You’ve been staring at your screen for twenty minutes. You’ve successfully procrastinated for as long as possible: you’re at inbox zero, Instagram has informed you that you are caught up on all posts from the last three months, and you even organized the icons on your desktop. But it’s time to face reality — those words you need are not magically going to pop into your brain. You have writer’s block.
But fear not. There is a cure! However, it may not be what you want to hear. In fact, you probably already know what it is.
The cure to writer’s block is writing.
Even though that statement is true, it is not all that helpful. Yes, writing may be the correct answer — but writer’s block is real, and it’s frustrating and difficult. As J.K. Rowling says, “The wonderful thing about writing is that there is always a blank page waiting. The terrifying thing about writing is that there is always a blank page waiting.” I deal with writer’s block on a regular basis, but some days it hits me harder than others. Here are a few practices that have helped me overcome the dreaded blank slate.
Freewriting is an exercise I learned in college that has saved my life over and over again. It’s very simple.
Step 1) Set a timer for 10 minutes.
Step 2) Write.
Freewriting can be done for any amount of time, but I’ve found starting with 10 minutes is most effective. The only rule for freewriting is that you cannot stop writing during those 10 minutes. Leave editing for later — don’t even stop to fix typos. Your goal is just to get down as many words as possible. Personally, I prefer to type on my computer so I can easily edit later (just be sure to close all distracting browser tabs). However, you can also write in a notebook if it’s easier to get down your thoughts. Just don’t stop. The hardest part of writing is facing that blank page. Once you have content, it doesn’t matter if that content is terrible — you can fix it later. What you can’t edit is an empty Word document or a blank sheet of paper.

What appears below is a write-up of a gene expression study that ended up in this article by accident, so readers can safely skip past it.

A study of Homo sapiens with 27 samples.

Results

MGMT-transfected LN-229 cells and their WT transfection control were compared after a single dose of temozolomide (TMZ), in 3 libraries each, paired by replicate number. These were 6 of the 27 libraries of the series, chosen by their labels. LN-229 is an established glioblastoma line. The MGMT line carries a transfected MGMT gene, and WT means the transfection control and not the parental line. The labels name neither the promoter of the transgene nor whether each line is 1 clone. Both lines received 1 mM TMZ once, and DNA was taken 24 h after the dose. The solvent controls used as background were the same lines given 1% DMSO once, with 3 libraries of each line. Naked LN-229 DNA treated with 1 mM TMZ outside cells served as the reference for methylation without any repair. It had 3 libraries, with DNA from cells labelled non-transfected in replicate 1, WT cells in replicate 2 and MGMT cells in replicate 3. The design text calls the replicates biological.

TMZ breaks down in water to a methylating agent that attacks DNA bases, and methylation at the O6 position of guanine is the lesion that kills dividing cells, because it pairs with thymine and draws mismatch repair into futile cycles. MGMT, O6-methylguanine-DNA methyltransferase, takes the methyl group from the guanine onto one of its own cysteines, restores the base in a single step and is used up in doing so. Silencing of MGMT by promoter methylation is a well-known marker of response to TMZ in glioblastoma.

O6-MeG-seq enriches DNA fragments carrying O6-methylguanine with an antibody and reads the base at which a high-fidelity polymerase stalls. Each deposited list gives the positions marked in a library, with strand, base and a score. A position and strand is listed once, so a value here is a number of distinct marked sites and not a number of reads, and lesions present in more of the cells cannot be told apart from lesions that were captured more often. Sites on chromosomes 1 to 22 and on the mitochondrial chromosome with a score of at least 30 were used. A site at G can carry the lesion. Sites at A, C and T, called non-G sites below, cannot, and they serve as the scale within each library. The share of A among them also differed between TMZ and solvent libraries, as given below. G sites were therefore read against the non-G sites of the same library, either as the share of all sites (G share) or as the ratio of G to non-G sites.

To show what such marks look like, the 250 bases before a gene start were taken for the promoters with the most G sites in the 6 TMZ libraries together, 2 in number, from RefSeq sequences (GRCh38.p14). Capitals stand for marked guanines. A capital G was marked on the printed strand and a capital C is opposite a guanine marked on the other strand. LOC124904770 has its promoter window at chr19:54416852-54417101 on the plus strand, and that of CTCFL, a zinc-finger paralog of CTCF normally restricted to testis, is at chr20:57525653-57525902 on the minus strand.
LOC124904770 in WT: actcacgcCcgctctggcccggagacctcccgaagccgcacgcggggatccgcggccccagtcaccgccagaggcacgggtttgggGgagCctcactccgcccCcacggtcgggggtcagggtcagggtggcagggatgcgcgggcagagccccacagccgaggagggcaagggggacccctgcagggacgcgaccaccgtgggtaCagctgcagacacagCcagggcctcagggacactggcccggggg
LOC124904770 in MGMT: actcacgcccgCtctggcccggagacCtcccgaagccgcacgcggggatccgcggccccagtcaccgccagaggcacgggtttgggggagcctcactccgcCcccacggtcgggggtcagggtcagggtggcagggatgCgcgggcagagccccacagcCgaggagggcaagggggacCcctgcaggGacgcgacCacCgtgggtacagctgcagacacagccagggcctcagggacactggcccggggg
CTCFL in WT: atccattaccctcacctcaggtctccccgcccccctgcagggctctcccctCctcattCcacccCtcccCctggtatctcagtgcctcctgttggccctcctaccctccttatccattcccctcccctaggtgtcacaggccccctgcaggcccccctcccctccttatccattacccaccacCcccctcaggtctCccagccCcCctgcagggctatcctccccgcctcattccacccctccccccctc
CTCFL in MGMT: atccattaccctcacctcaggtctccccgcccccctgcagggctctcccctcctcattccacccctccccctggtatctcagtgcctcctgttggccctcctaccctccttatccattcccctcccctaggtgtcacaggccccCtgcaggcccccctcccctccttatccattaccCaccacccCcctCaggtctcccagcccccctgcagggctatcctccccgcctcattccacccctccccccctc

Be a ruthless editor
Once you have those initial words down, the hardest part is over. But editing can be challenging too. The most important part of editing is don’t get attached to anything. Hack away at your content mercilessly. If you have tender feelings for a particularly beautiful wording choice, ask yourself: “Does this really say what I need it to say here?”
Something else that’s really helped me is getting creative with moving content around. Often, I’ll write a concluding sentence that actually fits better at the beginning of a piece, or realize I can use something in the middle at the end. The key is to manipulate the building blocks you created during free writing. Nine times out of ten, if you move the pieces around enough, you’ll find places for all of them. However, if you find after editing that you just don’t have enough content, do another session of free writing and return to editing later.
This one is the hardest for me. I have a slightly obsessive personality, and once I get stuck on something I have trouble letting it go or taking a break. However, after I’ve spent a significant amount of time free writing and editing, there’s a point when I start going in circles. That’s when it’s time to walk away. Turn off your brain, go for a walk, or work on another task for a while. Give it an hour, then revisit your writing with a renewed perspective. Often, when I step back and return to writing after a break, I’ll see things that I didn’t see before and will be able to come up with new ideas for content creation and organization. Computers need to be restarted and so do we.
I hope these tips help! In closing, I’d like to share one final piece of wisdom from one of my favorite authors, Malcolm Gladwell, who advocates that showing up consistently — rather than depending on creative genius — is the key to overcoming writer’s block. Gladwell writes, “I deal with writer’s block by lowering my expectations. I think the trouble starts when you sit down to write and imagine that you will achieve something magical and magnificent — and when you don’t, panic sets in. The solution is never to sit down and imagine that you will achieve something magical and magnificent. I write a little bit, almost every day, and if it results in two or three or (on a good day) four good paragraphs, I consider myself a lucky man. Never try to be the hare. All hail the tortoise.”